The submission of RITANZ of 7 September 2018 on the proposed Insolvency Practitioners Bill presently before the NZ parliament raises a number of issues of interest to Australia’s practitioners and its insolvency laws.
RITANZ is a professional industry body with over 450 members throughout New Zealand, of which approximately 100 members have been granted the status of Accredited Insolvency Practitioner (AIP) who administer formal insolvency appointments subject to accreditation criteria. That accreditation and self-regulation regime was established jointly by CAANZ and RITANZ.
Co-regulation and licensing regime
RITANZ’s submission supports the Bill generally, including in particular the introduction of a new co-regulation and licensing regime for IPs under the Bill. The submission notes that both RITANZ and CAANZ have already invested significant resources establishing their own regime, saying it will therefore be cost effective to use that existing AIP framework in the new licensing regime.
However, RITANZ does not consider that either body should be expected to contribute further to the costs of implementing this system.
The costs of regulation were at one stage proposed to be met by a $2.50 levy on each NZ company registration.
No new powers needed
RITANZ submits that the proposed new voidable transaction powers regarding dispositions of property in the period whilst an application for liquidation is pending may not be necessary given the existing remedies available to a liquidator.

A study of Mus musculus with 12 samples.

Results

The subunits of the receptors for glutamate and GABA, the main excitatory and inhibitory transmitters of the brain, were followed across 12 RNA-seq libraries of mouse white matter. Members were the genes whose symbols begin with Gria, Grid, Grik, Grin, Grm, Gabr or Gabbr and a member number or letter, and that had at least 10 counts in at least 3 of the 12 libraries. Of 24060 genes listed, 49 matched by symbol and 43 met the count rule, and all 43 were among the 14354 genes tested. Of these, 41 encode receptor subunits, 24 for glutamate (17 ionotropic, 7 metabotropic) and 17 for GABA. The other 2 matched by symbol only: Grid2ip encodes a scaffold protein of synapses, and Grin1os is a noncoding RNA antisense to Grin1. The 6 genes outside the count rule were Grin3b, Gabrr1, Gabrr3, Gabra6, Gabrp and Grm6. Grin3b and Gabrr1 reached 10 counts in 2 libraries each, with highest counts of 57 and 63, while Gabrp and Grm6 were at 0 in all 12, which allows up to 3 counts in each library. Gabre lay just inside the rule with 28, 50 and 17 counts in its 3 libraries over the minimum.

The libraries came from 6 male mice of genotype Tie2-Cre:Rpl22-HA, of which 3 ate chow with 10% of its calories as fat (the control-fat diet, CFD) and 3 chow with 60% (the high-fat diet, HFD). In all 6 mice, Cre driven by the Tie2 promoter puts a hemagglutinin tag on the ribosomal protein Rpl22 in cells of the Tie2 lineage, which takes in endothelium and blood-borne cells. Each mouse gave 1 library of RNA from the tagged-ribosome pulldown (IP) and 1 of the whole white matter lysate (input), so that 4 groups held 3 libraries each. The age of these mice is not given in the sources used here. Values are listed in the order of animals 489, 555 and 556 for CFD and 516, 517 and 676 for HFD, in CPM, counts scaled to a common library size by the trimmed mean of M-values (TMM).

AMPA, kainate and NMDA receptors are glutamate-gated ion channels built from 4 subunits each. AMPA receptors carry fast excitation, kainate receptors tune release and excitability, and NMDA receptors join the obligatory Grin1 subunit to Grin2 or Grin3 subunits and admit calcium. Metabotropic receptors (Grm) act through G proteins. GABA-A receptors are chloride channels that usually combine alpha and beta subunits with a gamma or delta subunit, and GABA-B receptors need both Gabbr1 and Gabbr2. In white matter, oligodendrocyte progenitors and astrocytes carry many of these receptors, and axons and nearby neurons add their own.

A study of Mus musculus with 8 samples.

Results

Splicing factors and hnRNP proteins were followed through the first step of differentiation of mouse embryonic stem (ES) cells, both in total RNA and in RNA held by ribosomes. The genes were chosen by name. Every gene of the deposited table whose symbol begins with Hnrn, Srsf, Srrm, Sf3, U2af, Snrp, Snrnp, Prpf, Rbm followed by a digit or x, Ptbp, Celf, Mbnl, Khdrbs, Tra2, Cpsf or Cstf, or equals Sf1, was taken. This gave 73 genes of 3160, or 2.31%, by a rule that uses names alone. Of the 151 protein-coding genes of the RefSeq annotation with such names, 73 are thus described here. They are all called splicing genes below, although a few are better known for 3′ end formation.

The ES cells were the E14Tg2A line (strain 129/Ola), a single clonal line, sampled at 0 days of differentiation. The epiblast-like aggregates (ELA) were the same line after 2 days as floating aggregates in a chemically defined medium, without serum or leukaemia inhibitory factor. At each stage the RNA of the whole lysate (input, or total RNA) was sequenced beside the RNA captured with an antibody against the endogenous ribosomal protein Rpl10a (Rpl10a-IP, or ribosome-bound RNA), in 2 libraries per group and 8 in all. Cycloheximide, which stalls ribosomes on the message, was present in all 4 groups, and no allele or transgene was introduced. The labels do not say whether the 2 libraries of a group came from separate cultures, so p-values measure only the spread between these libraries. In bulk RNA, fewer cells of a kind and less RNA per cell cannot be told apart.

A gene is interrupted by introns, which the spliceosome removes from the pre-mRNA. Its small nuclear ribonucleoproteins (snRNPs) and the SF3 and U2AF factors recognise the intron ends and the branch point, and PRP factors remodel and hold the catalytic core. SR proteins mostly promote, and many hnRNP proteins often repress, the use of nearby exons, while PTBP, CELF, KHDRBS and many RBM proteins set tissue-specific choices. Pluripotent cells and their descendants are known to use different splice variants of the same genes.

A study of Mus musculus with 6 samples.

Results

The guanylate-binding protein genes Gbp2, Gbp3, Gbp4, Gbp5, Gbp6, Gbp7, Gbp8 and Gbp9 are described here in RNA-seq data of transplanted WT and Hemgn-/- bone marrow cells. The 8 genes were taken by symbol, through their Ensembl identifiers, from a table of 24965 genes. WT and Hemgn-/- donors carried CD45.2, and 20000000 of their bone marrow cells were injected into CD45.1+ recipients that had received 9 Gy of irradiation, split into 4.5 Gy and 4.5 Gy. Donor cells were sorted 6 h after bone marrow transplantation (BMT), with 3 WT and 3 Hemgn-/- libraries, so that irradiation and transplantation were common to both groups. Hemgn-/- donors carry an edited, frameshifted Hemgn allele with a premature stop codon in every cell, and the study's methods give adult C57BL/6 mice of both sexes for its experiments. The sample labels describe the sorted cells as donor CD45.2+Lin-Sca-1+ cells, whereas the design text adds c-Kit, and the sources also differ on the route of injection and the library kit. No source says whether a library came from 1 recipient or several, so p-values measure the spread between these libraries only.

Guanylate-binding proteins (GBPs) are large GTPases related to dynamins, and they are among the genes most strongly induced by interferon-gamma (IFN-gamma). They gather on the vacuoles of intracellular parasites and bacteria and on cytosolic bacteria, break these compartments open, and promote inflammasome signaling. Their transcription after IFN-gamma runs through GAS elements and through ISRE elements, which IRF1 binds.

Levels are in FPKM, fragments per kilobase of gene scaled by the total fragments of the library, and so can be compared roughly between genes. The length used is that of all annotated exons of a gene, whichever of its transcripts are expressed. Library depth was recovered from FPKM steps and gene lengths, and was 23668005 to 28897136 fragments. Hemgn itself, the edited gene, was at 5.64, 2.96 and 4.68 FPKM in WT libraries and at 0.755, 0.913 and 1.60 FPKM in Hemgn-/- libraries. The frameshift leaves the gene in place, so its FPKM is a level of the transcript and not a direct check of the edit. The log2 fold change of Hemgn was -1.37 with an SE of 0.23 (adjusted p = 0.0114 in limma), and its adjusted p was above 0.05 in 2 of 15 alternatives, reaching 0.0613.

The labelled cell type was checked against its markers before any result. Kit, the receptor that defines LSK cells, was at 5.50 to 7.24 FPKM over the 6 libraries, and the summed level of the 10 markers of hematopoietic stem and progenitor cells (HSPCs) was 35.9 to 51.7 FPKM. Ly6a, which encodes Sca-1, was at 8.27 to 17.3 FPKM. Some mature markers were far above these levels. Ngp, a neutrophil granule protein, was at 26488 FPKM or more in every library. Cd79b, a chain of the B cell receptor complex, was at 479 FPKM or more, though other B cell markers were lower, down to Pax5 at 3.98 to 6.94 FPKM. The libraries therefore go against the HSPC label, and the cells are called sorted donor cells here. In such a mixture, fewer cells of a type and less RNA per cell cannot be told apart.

Refined IP reporting obligations
As to new IP reporting obligations, in relation to “serious problems” of the insolvent company, RITANZ expresses concern that
“it is important to ensure that the reporting thresholds are not set so broadly as to require liquidators, receivers and administrators to spend creditors’ money conducting investigations to determine whether they “believe” or “consider” that an offence or breach of duty has been committed. … such investigations are not the primary duty of the insolvency practitioner and therefore the new requirements … should not overburden the insolvency estate with compliance”.
RITANZ also submits that to avoid overburdening IPs with enquiries as to which authority may be responsible for investigating or enforcing a particular matter which is intended to be the subject of a “serious problem” report, the law should allow the insolvency practitioner to report to the Registrar of Companies. It would then be the responsibility of the Registrar to inform any other appropriate bodies, such as the NZ Police, FMA or the Reserve Bank of New Zealand as required.
Declarations of independence
RITANZ agrees that the transparent disclosure of interests (independence) statements supports public confidence in insolvency practitioners.
“This is because the disclosure ensures that creditors are aware of all relationships (and real or perceived conflicts of interest) and understands why the practitioner nevertheless remains independent. As such the expanded interest statements can inform voting at any creditors’ meeting held to approve or remove such practitioner from the role of administrator or liquidator”.
The RITANZ Code of Conduct provides for all practitioners (other than receivers) to complete a declaration of independence upon appointment and to provide it to the creditors. The RITANZ form has much in common with the proposed expanded interests statements as provided for in the Bill. RITANZ says it intends to harmonise the requirements of its declaration with the required content of interests statements when the Bill comes into effect as law.
“Investigative accountant” exception
A proposed exception to IP disqualification is aimed at allowing pre-appointment “investigative accountant” type work by practitioners. Investigation or advice on the “solvency” of the relevant company under the Bill is said to be too narrow; rather the exception should extend to a person appointed to “investigate, monitor, or advise on the affairs” of the company.
The RITANZ submission is worth close reading. The Bill remains before the NZ parliament.